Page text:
There might be as much as two "years" of cantatas lost but the estimations seem to vary. Some think that a lot of the lost music was re-used anyway, others think that about 100 cantatas could be totally lost. I don't know about instrumental music; it seems even more speculative here. It seems rather likely that none of the keyboard concerti except Brandenburg 5 and two harpsichords C major was originally for keyboard, so several of the originals are missing (but that's not that much, not really new as we have the later keyboard versions and the originals might not all have been by Bach anyway, like the Vivaldi for the 4 keyboard).

In any case I would not expect anything revelatory. It's diminishing returns. How much could another 50+ cantatas in pretty much the same style (because written at roughly the same time for the same audience) add to the 200 extant ones? Maybe some nice concerti and chamber music but again, almost certainly nothing revelatory.
(One can also take the rare cases when a short piece by Bach (or Handel or Mozart or...) is actually found in some archive. Disregarding uncertain authorship, they were never anything special, AFAIK.)

milk:

--- Quote from: Jo498 on November 23, 2021, 01:24:59 AM ---There might be as much as two "years" of cantatas lost but the estimations seem to vary. Some think that a lot of the lost music was re-used anyway, others think that about 100 cantatas could be totally lost. I don't know about instrumental music; it seems even more speculative here. It seems rather likely that none of the keyboard concerti except Brandenburg 5 and two harpsichords C major was originally for keyboard, so several of the originals are missing (but that's not that much, not really new as we have the later keyboard versions and the originals might not all have been by Bach anyway, like the Vivaldi for the 4 keyboard).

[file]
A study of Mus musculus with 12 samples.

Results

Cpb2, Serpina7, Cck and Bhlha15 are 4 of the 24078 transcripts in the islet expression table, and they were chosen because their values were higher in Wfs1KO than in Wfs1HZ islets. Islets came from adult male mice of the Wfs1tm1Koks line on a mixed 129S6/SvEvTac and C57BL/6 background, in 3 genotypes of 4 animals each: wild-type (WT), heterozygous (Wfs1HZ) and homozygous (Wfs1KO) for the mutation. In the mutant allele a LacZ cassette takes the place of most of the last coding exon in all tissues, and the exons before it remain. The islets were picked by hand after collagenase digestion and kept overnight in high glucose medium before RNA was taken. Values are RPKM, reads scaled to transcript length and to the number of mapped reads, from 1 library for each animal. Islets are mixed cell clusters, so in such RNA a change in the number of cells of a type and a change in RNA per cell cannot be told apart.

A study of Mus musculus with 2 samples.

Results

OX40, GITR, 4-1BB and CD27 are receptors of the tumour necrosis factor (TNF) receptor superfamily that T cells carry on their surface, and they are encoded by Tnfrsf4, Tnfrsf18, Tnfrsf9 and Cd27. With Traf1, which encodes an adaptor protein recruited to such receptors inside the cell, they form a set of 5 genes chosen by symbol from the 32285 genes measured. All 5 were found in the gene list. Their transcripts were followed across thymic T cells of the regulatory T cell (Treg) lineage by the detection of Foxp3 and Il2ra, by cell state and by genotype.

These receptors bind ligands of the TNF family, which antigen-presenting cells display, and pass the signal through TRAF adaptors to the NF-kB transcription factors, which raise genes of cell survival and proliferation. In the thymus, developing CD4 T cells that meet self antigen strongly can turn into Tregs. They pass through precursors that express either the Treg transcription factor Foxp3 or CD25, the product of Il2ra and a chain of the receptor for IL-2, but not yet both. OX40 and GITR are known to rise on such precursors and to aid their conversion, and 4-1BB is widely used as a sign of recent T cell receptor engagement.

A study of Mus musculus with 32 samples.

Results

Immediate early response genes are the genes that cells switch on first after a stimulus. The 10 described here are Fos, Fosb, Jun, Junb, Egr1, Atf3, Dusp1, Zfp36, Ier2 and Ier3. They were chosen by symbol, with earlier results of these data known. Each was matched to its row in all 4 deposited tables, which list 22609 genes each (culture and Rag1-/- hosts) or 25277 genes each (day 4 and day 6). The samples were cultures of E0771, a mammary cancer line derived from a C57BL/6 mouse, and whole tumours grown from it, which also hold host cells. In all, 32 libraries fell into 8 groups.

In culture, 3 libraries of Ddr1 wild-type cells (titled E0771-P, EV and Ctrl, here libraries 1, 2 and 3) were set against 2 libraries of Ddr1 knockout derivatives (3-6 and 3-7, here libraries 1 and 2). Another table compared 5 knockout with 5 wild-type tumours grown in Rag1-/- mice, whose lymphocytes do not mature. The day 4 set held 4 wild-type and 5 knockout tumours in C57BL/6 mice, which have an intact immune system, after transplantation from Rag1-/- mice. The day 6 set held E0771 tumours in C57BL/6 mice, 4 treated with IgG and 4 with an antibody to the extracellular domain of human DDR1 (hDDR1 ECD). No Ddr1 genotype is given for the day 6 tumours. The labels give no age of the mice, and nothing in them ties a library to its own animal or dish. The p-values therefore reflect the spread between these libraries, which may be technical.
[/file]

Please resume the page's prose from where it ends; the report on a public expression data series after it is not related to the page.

In any case I would not expect anything revelatory. It's diminishing returns. How much could another 50+ cantatas in pretty much the same style (because written at roughly the same time for the same audience) add to the 200 extant ones? Maybe some nice concerti and chamber music but again, almost certainly nothing revelatory.
(One can also take the rare cases when a short piece by Bach (or Handel or Mozart or...) is actually found in some archive. Disregarding uncertain authorship, they were never anything special, AFAIK.)

--- End quote ---
Are many of his best pieces usually found as recycled in other formats? I wonder how likely it is to find an original masterpiece existing nowhere else? I’d love it if there were more somewhere.

Jo498:
I think there is the idea (not quite a "theory") that Bach sometimes recycled pieces to give them broader distribution, more permanence. Not sure if it worked back then but to a certain extent in hindsight, as b minor mass and especially Xmas oratorio have a lot of recycling and since the late 19th century they are certainly far better known than the secular cantatas most of the latter is taken from.
So I think the "optimists" take this as an indication that not that much and especially not the best/most important stuff was completely lost. As some of Bach's sons and students also did care to preserve some of the music we could also expect an amount of cherry picking instead of randomness. Sure, a few very good cantatas and chamber pieces might be lost, but probably no secret masterwork.